Those who do

Chris, a Collegewise counselor and former MIT admissions counselor, shares this recent post from MIT Dean of Admissions, Stu Schmill, about what they look for—and don’t look for—in prospective students.

In simple terms, we want students to pursue the things that interest them with energy and enthusiasm. We want students to make decisions that are educationally sound for them to best prepare them to succeed in college and beyond. We want students to challenge themselves appropriately in the areas that are most interesting to them. We want students to engage with their community in their pursuits. And, we want students who demonstrate strong ethical character. In short, we want young people to be students and community members first, and applicants second…We don’t want students to do things just because they think they have to. We don’t want students to take advanced classes out of a sense of competition, rather than the joy of learning. We don’t want a laundry list of a million activities. And we don’t want students sacrificing quality for quantity – something that is happening far too often.

I think Schmill’s sentiments are honest and forthright. I also think that the admissions officers at most highly selective colleges would concur. But to really understand and appreciate what he’s sharing, you’ll need to read the entire thing, and you’ll need to read between the lines.

It’s true—MIT doesn’t want students who take every AP class out of a sense of competition. They don’t want students who do things because they think they have to. They don’t want students who focus more on their quantity of work than they do on the quality. They want genuinely curious, engaged human beings who will make valuable contributions in and out of class when they get to college.

But this year, MIT received applications from 20,000 of the very best students in the world, and they only needed to admit about 1500 of them to fill the class.

Those students who were admitted may not have diligently plodded through all of their schools’ AP classes driven only by a sense of competition. But most of them probably took the most challenging courses offered, and voraciously pursued their intellectual interests outside of class driven only by their curiosity and desire to learn. There aren’t very many teenagers who learn that much, that well, driven only by their own intense intellectualism. But those who do all apply to schools like MIT.

Those students who were admitted may not have done things because they thought they had to. But they probably did commit themselves passionately to things they really cared about. And they almost certainly achieved impressive success within those activities, whether it was community service, drama, baseball, the math club, Kung Fu, playing the cello, or training guide dogs for the blind. There aren’t very many students who can make that kind of an impact in high school, and do it all driven only by an innate sense of passion and drive unrelated to college admission. But those who do all apply to schools like MIT.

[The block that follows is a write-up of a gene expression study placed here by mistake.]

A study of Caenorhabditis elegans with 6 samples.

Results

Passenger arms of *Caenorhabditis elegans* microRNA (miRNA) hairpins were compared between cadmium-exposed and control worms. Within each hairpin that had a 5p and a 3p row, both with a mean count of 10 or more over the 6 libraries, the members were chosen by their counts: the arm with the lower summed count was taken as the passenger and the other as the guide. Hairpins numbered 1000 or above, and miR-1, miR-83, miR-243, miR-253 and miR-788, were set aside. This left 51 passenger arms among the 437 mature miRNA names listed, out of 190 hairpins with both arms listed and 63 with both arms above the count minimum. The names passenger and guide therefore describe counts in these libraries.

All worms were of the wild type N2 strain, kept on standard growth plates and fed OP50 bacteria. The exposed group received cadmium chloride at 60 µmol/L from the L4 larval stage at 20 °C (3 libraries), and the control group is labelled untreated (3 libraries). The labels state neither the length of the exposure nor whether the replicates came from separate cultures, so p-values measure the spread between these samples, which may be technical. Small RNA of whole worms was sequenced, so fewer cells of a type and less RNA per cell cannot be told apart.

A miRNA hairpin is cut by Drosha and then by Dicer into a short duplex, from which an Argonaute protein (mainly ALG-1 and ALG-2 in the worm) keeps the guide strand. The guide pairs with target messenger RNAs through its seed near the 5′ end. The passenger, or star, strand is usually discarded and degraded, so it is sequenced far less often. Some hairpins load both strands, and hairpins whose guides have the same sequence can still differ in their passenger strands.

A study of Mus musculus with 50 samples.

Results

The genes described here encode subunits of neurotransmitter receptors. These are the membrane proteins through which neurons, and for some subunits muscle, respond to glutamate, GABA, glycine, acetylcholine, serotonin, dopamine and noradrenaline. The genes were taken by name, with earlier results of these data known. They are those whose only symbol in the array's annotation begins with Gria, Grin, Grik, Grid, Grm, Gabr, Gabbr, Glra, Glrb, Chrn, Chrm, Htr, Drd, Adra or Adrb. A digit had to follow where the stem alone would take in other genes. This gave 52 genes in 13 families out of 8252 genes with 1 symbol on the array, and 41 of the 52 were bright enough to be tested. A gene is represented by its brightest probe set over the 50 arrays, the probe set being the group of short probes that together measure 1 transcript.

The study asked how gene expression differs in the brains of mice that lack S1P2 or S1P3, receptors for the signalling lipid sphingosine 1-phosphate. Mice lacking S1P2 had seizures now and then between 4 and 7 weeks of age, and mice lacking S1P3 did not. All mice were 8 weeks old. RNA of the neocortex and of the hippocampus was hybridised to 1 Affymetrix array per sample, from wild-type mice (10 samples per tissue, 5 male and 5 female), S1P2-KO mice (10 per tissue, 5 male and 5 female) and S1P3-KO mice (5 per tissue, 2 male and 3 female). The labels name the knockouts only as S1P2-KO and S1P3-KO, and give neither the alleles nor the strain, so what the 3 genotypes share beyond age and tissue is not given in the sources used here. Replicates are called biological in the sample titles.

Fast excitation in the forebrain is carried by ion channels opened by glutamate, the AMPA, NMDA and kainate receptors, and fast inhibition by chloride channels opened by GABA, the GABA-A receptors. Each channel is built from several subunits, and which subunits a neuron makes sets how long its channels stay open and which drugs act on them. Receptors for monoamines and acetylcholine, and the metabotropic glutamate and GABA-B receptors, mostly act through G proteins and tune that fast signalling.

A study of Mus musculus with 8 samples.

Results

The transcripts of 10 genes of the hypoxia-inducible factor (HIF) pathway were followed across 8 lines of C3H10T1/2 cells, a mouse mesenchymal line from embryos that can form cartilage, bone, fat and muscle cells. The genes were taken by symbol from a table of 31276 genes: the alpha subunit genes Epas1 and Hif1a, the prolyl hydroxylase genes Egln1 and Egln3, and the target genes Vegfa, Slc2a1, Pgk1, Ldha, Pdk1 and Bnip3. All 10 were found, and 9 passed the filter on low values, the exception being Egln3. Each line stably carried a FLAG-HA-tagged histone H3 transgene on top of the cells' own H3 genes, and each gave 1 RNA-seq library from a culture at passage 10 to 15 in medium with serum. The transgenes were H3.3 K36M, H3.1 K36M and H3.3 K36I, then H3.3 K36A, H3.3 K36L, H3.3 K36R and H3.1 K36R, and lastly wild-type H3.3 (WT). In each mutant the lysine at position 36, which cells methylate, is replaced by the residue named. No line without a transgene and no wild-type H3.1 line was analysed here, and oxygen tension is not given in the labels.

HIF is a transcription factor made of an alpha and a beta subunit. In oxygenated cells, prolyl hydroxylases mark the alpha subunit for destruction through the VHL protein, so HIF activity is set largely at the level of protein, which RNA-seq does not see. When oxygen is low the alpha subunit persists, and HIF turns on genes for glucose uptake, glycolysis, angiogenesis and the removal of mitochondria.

Those students who were admitted probably didn’t care about quantity. They never asked how many AP classes, activities, hours of community service, awards, etc. were enough. They cared more about what they were learning, doing, and contributing than they did about whether or not it would be sufficient to earn an admission to their dream college. But their applications almost certainly revealed that they did more, achieved more success, and made a greater impact than most of the applicants applying to college. There aren’t very many students who can do that much, that well, and legitimately claim that they did it because they wanted to, not because they were trying to impress colleges. But those who do all apply to schools like MIT.

Is it a perfect process? Is it even fair? No, it’s not. There are lots of kids who worked, achieved, and cared enough to prove that they deserved to be admitted. But it’s a numbers game, and the reality is that schools like MIT just can’t admit every qualified student who applies. That’s the rub at just about every highly selective college. Too many stellar applicants, too few spaces to offer.

If you want to attend a highly selective college like MIT, please understand that there is no magic formula, no hard-and-fast list of necessary achievements that will guarantee your admission.

So what should you do?

Take the most challenging classes you can reasonably handle without sacrificing sleep or sanity. Work hard to get the best grades you can. Commit yourself to, and make an impact within, activities you care about. Be a class participator. Make efforts to learn about things that interest you, academic or not. Be a good person who cares about your family, your friends, and your community. Celebrate your successes and learn from your failures. Have faith that your work ethic and character will always be more important than any grade, test score, or admission decision from a particular college.

And most importantly, find colleges that fit, regardless of their prestige. Your list may include some schools like MIT where statistically, nobody stands a good chance. But balance those choices by including schools where your counselor agrees that you have a strong chance of admission.

Taking this route still won’t guarantee that you’ll get into a highly selective college. But it guarantees there will be plenty of great colleges where you’ll be one of those who do.